It sometimes feels like blockbuster sequels are doomed to fail, at least with critics, just because they’re made with pure entertainment in mind. If you’re a moviegoer headed into this latest entry in the “Jurassic Park” franchise expecting high art, you’re doing it wrong.
“Jurassic World: Dominion” isn’t the type of movie that will challenge or push your brain to its limits — and it doesn’t have to be. This sequel (from director Colin Trevorrow) is operating at a full-tilt pace and is packed with exciting action scenes, has a solid story, compelling bad guys, and features dinosaurs aplenty.
In what is being billed as the “epic conclusion” to the franchise, the film takes place four years after Isla Nublar has been destroyed. Dinosaurs now live alongside humans and have assimilated into our world. Former park operations manager turned animal rights activist Claire (Bryce Dallas Howard) has devoted her time to rescuing abused dinosaurs. She makes her home in a remote cabin with former raptor trainer Owen (Chris Pratt), and the two have become parental figures to cloned teenager, Maisie Lockwood (Isabella Sermon).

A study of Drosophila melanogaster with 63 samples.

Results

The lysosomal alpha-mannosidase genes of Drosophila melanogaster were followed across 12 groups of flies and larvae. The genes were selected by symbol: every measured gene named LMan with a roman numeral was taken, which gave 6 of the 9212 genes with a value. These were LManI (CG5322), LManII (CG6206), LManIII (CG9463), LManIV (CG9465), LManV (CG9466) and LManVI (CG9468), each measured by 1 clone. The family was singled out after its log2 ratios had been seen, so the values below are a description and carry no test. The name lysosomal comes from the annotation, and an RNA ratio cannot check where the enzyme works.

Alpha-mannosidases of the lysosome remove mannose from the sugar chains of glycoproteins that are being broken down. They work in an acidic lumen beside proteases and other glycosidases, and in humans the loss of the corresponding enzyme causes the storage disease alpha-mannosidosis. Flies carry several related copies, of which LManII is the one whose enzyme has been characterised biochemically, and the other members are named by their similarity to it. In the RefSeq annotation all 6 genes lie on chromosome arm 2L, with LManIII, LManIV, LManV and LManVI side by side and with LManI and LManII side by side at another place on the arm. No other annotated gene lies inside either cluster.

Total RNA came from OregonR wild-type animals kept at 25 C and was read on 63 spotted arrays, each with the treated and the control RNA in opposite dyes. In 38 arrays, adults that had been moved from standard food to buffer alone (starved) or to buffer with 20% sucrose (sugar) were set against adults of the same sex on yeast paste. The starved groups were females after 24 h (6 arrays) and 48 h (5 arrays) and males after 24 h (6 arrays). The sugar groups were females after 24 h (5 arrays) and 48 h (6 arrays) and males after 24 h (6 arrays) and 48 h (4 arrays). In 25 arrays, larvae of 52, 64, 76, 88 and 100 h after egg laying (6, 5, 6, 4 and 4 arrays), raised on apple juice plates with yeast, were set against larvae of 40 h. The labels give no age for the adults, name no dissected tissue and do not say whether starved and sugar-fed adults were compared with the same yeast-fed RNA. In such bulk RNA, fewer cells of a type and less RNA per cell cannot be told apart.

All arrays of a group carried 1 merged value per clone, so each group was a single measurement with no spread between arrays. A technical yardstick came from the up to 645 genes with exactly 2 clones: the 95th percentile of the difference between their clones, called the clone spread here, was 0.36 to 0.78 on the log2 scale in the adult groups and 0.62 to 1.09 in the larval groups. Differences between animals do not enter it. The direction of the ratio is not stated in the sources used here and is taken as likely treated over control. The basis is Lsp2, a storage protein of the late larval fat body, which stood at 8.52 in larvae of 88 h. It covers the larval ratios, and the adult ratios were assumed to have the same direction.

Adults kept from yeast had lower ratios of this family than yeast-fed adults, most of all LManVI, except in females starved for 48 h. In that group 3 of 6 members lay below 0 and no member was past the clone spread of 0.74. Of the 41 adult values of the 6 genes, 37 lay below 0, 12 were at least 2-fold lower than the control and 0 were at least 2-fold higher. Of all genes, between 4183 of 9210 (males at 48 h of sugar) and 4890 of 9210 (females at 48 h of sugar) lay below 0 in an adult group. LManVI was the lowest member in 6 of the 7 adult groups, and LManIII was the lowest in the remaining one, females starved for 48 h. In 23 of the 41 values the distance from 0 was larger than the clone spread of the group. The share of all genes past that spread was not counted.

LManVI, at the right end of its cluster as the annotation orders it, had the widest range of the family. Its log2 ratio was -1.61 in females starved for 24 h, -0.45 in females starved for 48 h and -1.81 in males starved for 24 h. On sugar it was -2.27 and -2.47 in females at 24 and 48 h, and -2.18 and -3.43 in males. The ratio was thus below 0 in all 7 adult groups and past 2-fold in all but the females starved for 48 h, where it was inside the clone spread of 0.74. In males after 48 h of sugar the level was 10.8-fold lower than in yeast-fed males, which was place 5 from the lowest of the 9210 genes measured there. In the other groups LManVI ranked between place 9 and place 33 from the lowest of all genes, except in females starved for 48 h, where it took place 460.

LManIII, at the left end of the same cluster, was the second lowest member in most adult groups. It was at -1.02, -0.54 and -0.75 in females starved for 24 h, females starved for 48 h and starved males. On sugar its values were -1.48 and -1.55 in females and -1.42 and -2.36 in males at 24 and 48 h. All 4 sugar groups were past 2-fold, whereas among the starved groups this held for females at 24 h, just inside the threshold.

The sketchy Biosyn Genetics medical corporation, which now does extensive research at their dinosaur sanctuary and laboratory facility, want (and need) Maisie’s DNA for a sinister project that will control the world’s food supply.
Investigating giant locusts that are wiping out crops throughout the Midwest, Paleobotanist Dr. Ellie Sattler (Laura Dern) discovers that Biosyn may be behind the pests, and she enlists her former paleontologist partner Dr. Alan Grant (Sam Neill) for help. They get a little insider help from old friend Ian Malcom (Jeff Goldblum), who now lectures at the company. Worlds collide when, with a little help from rogue pilot Watts (DeWanda Wise), Owen and Claire also end up at Biosyn on a mission to rescue Maisie. It’s a complicated story with an overabundance of plot, and a whole lot of dinos.
As is the case with many big budget action movies, the story takes a backseat to the action. The script here is decent enough, even if the characters aren’t particularly well-developed. Trevorrow and co-writer Emily Carmichael rely heavily on nostalgia to tell the story for him (it’s a lot of fun to see the OG cast, and any movie will benefit from an appearance by Goldblum), and the dialogue barely tips past a 5th grade reading level. There’s a jarring dose of philosophical ideas about co-existing with other creatures on the planet that’s thrust into the beginning and ending, but it’s also commendable that Trevorrow and Carmichael took advantage of the opportunity to make a statement with their story.
Fans of dinosaurs will get their fill, even if the grand finale T-Rex battle would be better suited for a “Godzilla” movie. The special effects are mostly well done, and the action sequences are genuinely thrilling. I’d recommend seeing this one on the largest screen you can find.
This is a movie that will appeal to all ages, and it’s the perfect way to escape the summer heat. In other words, “Jurassic World: Dominion” is everything you’d want out of a summer popcorn flick.